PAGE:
Man sentenced to 14 years


The number of police from various agencies nearly outnumbered the non-law enforcement personnel present Friday at the sentencing hearing for a Seymour man.

Jeremy C. French, 43, sat in Jackson Circuit Court waiting to hear his sentence after earlier this month pleading guilty to a Class B felony charge of attempted aggravated battery in connection with a night that started with drinking and ended with 17 shots being fired at law enforcement June 2, 2014.

“Somebody could have seriously been killed that night, and that’s the nature of the circumstances of that night,” Judge Richard W. Poynter said before handing French a sentence of 14 years in prison with four years suspended.

French’s friends and family described the incident as “uncharacteristic” of a man they said had no history of violence other than an incident with Columbus police Aug. 12, 2012, in which he was taken into custody and then released.

The defense cited his five months of service in the Marines Corps, years of service in the Indiana National Guard and numerous commendations, including Indiana National Guard Commendation Medal, as a testament to his character.

The prosecution highlighted the events of the night in June 2014 and the incident in August 2012, which both involved French drinking while taking medication for anxiety. The prosecutors explained that the first incident should have been an indicator of the effects mixing the two could have.

Police also gave testimony as to how the incident had affected them and their families.

One of them, Jackson County Sheriff’s Department Officer Jeff Walters, stated in a letter read by Jackson County Sheriff Mike Carothers that he heard one of the shots whistle past his head, striking a nearby object.

“These officers have to go home to their families, and they have to tell their children what could have happened,” Officer Mike Payne with the Seymour Police Department said, stressing that just because nobody was hurt didn’t mean that no one could have been hurt.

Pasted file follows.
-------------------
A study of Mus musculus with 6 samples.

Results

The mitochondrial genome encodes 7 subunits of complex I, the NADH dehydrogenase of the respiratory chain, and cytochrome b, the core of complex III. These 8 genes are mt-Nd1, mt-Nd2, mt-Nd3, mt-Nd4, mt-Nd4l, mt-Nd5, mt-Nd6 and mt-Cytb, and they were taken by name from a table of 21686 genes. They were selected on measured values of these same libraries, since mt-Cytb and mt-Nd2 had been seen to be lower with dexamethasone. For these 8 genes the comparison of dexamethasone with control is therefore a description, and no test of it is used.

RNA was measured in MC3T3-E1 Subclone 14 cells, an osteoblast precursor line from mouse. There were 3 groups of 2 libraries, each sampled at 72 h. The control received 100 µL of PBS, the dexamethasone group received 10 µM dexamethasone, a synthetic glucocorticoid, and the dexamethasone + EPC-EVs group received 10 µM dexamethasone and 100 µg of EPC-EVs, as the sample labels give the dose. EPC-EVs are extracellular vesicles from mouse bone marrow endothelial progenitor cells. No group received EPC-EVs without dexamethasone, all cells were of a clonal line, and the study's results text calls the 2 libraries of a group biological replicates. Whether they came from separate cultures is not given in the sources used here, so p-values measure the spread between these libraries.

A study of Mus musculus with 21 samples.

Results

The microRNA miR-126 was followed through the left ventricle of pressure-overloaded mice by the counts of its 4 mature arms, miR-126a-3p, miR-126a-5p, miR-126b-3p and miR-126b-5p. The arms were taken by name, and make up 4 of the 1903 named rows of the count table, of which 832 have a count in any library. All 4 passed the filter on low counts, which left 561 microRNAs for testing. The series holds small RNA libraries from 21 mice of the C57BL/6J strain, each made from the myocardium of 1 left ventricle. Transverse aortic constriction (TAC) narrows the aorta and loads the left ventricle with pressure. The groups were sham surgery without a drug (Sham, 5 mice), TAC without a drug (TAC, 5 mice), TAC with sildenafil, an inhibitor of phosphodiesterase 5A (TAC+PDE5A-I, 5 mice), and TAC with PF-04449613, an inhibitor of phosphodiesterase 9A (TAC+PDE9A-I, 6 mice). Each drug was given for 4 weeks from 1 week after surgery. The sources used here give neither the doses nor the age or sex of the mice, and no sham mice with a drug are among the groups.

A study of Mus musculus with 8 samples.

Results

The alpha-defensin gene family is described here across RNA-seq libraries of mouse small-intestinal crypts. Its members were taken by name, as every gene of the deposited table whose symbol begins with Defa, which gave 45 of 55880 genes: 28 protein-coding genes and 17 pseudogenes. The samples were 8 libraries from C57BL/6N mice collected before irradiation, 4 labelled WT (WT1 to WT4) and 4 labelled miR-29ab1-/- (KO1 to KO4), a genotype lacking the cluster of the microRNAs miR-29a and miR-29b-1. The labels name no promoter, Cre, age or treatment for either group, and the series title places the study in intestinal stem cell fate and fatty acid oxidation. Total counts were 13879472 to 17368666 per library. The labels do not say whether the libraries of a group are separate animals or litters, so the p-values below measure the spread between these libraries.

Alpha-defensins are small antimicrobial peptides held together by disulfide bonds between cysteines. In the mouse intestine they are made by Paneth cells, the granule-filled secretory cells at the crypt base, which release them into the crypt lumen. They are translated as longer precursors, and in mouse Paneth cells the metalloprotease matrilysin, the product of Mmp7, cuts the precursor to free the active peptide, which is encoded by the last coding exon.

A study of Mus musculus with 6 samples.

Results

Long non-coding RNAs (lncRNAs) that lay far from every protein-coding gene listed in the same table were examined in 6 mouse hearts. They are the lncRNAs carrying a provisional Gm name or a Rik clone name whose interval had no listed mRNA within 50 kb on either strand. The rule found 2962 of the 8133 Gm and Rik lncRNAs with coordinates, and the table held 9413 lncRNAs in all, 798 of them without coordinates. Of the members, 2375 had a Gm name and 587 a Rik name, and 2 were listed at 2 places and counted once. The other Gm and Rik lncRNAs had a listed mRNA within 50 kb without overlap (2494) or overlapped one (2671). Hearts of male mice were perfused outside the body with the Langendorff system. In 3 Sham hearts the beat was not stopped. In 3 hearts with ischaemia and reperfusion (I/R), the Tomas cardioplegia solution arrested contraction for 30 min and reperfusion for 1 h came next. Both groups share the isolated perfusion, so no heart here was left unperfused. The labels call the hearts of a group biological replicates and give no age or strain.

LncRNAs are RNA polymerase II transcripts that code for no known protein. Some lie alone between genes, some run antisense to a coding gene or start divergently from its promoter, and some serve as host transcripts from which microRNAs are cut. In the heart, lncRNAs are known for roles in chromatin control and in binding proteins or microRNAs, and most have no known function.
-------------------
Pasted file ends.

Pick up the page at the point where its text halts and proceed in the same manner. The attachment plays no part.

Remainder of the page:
Jackson County Prosecutor AmyMarie Travis said the public expects law enforcement to be willing to risk their life; however, while this is a possibility in police life, “it is not a day in the life of a police officer,” mirroring a comment by Poynter that French had endangered lives for no reason.

Originally, French faced 11 charges, including four Class A felony counts of attempted murder, which would have carried a possible sentence of 20 to 50 years per charge for an incident that began when Jackson County Sheriff’s Department officers responded to a report of a family fight, according to a probable cause affidavit.

The incident began in the early morning hours of June 2, 2014, when police received reports of an intoxicated man threatening to hurt himself. The first call came in at 12:01 a.m. that day.

According to court documents, the arriving officer managed to help French’s wife and other family reach safety after being warned by dispatchers that French possibly had as much of 2,500 rounds of ammunition and body armor and had received military training.

While helping the family members reach safety, officers came under fire from someone in the upstairs bedroom of the house. Walters, who was present along with county Officer Dustin Steward and Seymour Officer Jacob Florine, said one shot was fired over their heads as they moved for cover.

Shots fired that evening hit a 2014 Chevrolet Tahoe driven by a police officer, a 2005 Dodge Ram parked in a driveway across the street and a nearby residence.

Police did not return fire.

Officers present took cover behind cars and waited for the county emergency response team to arrive along with an armored vehicle from the Seymour Police Department.

By the time French had surrendered about an hour after the incident began, more than 30 police officers had arrived on scene.

“You swear an oath (in the armed service) just like in the police, and I let them down,” French said Friday of his actions.

During a search of the residence, police found several weapons, both rifles and shotguns, and ammunition, both fired and unfired. They also found glass windows shot and broken out and what appeared to be bullet holes in the ceiling in the home French and his wife share with their three children.

French told police in an interview that he had taken medication for anxiety, followed by drinking beer and tequila at a graduation party and had not eaten very much.

In his interview, French told police he did not remember much more after that time.

French’s wife explained to police that he had been drinking heavily before she took him home. She said she was aggravated that he was “very drunk,” which was not his typical behavior, in her opinion.

An argument once they got home furthered the issue. That’s when he “just snapped,” she told police. French got his 9mm firearm and said he was “going to kill everyone,” French’s wife said.

The wife and one of French’s children struggled with French, managing to get the firearm away from him.

When French then failed to calm down or succumb to alcohol, the other family members decided they needed to get out of the house and call 911.

French told police he spent some time after that in the closet sobering up and did remember a call and talking to an officer about surrendering.

As part of the plea deal, the prosecution agreed to dismiss the remaining charges, including three other charges of criminal confinement, intimidation and criminal recklessness.